Researchers have developed a simple finger-prick test that scans a single drop of blood to rapidly determine whether the body has been exposed to toxic levels of radiation.
Catastrophic radiological events — like nuclear detonations — can threaten massive populations with acute radiation syndrome, which wreaks havoc on the gastrointestinal system and destroys bone marrow, leading to infections and internal bleeding. In preparation for the possibility of such a public health disaster, scientists at Ohio State have devised a speedy and scalable method for estimating radiation exposure. They published their proof-of-concept research, conducted in mice, Wednesday in Science Translational Medicine.
Timing is key when it comes to assessing radiation dosage in members of an exposed population. Victims above a certain dose threshold require immediate and aggressive treatment, such as a blood transfusion or cytokine therapy.
“Early detection will save lives,” said Naduparambil Jacob, senior author of the study and a molecular biologist at Ohio State University Comprehensive Cancer Center.
The current “gold standard” test for radiation exposure is a dicentric chromosome assay, which looks for hallmarks of radiation-induced DNA damage. The problem is that this test takes around three or four days to yield results — a waiting period that can make it harder for clinicians to know how to proceed and can potentially jeopardize patient outcomes.
“If it takes you four days to get the result, then it’s not helpful in immediate management,” said C. Norman Coleman, a researcher at the National Cancer Institute who was not involved with the study. “The idea of getting some kind of number pretty quickly that tells you what you need to do is useful for the medical system and also for the patient.”
The test Jacob’s team developed has the capability to turn out a number within hours.
It does so by harnessing two key biomarkers in the blood: miR-150-5p and miR-23a-3p, both of which are small, non-coding types of RNA molecules. The first type is known to be radiation sensitive, meaning that its levels drop as the radiation dose climbs. The second type is radiation insensitive, so its concentration remains stable despite radiation exposure.
Jacob and his colleagues hypothesized that they could estimate how much a radiation a person was exposed to by comparing the levels of miR-150-5p and miR-23a-3p after that exposure.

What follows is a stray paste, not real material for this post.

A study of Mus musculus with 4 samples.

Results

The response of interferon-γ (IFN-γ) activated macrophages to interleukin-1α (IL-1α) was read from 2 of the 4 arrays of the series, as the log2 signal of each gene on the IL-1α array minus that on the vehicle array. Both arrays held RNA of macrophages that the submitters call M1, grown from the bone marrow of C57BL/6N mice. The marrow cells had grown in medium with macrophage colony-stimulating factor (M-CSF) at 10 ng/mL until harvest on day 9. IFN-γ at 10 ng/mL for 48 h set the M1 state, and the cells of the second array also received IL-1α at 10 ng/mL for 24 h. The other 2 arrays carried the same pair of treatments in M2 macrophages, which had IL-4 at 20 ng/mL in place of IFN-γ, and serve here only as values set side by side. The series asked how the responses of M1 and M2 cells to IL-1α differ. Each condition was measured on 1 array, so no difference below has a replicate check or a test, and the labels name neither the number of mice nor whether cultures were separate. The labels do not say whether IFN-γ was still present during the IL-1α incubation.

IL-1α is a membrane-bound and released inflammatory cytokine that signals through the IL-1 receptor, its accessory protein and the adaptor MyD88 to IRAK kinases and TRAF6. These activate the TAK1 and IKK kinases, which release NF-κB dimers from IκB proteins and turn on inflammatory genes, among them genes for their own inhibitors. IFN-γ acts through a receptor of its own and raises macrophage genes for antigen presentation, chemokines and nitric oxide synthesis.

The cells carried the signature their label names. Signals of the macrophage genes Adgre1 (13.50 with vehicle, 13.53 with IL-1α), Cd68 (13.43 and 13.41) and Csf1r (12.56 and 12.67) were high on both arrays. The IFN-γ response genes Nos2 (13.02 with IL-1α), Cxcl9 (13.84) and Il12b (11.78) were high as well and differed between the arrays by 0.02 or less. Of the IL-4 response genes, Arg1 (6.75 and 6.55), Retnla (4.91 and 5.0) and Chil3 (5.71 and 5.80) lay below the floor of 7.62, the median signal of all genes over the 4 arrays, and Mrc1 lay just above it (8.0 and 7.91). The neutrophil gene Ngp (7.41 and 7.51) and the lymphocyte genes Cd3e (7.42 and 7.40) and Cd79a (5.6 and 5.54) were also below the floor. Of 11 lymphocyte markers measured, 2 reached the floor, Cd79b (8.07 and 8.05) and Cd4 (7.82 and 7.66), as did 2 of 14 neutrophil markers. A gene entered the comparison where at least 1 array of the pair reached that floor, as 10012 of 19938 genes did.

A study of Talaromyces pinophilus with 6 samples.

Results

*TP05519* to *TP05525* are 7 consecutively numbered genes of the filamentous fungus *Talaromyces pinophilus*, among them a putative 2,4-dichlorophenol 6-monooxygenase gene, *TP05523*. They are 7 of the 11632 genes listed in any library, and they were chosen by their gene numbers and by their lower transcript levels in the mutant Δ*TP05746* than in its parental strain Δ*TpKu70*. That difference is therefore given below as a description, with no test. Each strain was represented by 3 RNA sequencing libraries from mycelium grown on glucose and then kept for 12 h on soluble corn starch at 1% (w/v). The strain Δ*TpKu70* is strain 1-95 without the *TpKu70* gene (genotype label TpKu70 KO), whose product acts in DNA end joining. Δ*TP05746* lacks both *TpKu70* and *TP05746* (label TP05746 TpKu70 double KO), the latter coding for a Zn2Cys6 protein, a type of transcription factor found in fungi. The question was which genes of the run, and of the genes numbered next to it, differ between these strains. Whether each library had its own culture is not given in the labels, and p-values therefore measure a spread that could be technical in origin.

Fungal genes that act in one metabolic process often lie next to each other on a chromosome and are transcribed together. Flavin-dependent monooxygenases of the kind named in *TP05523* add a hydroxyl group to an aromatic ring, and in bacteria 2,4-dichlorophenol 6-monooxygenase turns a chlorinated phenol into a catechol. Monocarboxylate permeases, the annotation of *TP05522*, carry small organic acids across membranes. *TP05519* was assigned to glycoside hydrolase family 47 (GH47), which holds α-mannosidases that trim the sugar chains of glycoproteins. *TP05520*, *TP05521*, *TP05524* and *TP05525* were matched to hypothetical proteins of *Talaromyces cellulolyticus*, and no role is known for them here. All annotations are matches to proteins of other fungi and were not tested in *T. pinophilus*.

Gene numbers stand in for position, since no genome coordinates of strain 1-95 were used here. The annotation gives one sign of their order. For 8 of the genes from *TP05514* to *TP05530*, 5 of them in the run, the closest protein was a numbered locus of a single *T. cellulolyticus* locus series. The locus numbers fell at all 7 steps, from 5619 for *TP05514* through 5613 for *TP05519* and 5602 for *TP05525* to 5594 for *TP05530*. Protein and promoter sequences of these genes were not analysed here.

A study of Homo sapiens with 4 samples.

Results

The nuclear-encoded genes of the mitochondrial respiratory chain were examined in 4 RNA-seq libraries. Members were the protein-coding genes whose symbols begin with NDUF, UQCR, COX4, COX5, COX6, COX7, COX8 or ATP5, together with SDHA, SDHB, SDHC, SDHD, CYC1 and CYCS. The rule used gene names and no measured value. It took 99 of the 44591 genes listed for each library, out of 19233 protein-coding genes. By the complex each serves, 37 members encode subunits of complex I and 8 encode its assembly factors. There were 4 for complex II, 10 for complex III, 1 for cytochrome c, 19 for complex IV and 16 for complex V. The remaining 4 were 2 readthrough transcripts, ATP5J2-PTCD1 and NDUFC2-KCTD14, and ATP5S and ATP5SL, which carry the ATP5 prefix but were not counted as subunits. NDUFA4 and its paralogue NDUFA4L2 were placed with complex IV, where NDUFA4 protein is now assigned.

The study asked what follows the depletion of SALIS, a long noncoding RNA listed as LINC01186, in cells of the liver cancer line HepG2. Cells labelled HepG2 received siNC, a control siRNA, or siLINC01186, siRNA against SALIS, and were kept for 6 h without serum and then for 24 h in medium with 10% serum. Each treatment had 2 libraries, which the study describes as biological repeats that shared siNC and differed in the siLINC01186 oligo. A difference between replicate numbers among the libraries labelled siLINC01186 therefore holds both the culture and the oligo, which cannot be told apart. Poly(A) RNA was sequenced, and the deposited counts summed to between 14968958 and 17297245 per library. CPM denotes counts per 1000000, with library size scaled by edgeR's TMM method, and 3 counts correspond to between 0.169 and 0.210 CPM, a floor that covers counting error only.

To test out this theory, they exposed mice to varying levels of radiation and then periodically sampled their blood to keep track of how levels of miR-150-5p changed compared to the stable miR-23a-3p. Just 6 hours after irradiation — and up until a week later — a comparison of the two biomarkers turned out to be a sensitive proxy for the radiation dosage a given mouse had undergone.
The central principle held in humans, too. Looking at blood samples from leukemia patients before and after they underwent radiotherapy treatment, the researchers confirmed that miR-150-5p levels dipped after radiation exposure, while miR-23a-3p stayed steady.
Jacob emphasized, however, that the work is still in the early stages. He said the dose estimation algorithm they built out with data from mice will have to undergo calibration in future studies on non-human primates.
Coleman said this paper represents the constant, “behind the scenes” preparation scientists undertake for potential public health disasters — whether biological, chemical, or nuclear.
Though a crisis like Covid-19 may monopolize the public’s attention, there are always scientists “in the background” gearing up for the next big disaster, he said — no matter how unlikely it might be.
Beyond preparing physicians to triage and treat patients implicated in a potential nuclear detonation, the finger-prick test has an application that’s even more far out there – all the way in outer space.
Jacob said that the test — which was developed with funding from NASA and the Department of Defense — may be deployed on space missions, since astronauts are exposed to radiation from “explosive” and “unexpected” solar flare-ups. And closer to home, he added, physicians could one day use the test to better adjust dosing when they administer radiotherapy to cancer patients.
“In 2013 we published a paper showing the origin of discovery of this combination of two molecules,” Jacob concluded. “[This is] a productization of that basic science discovery. I’m very excited. I’m very glad that I was able to contribute.”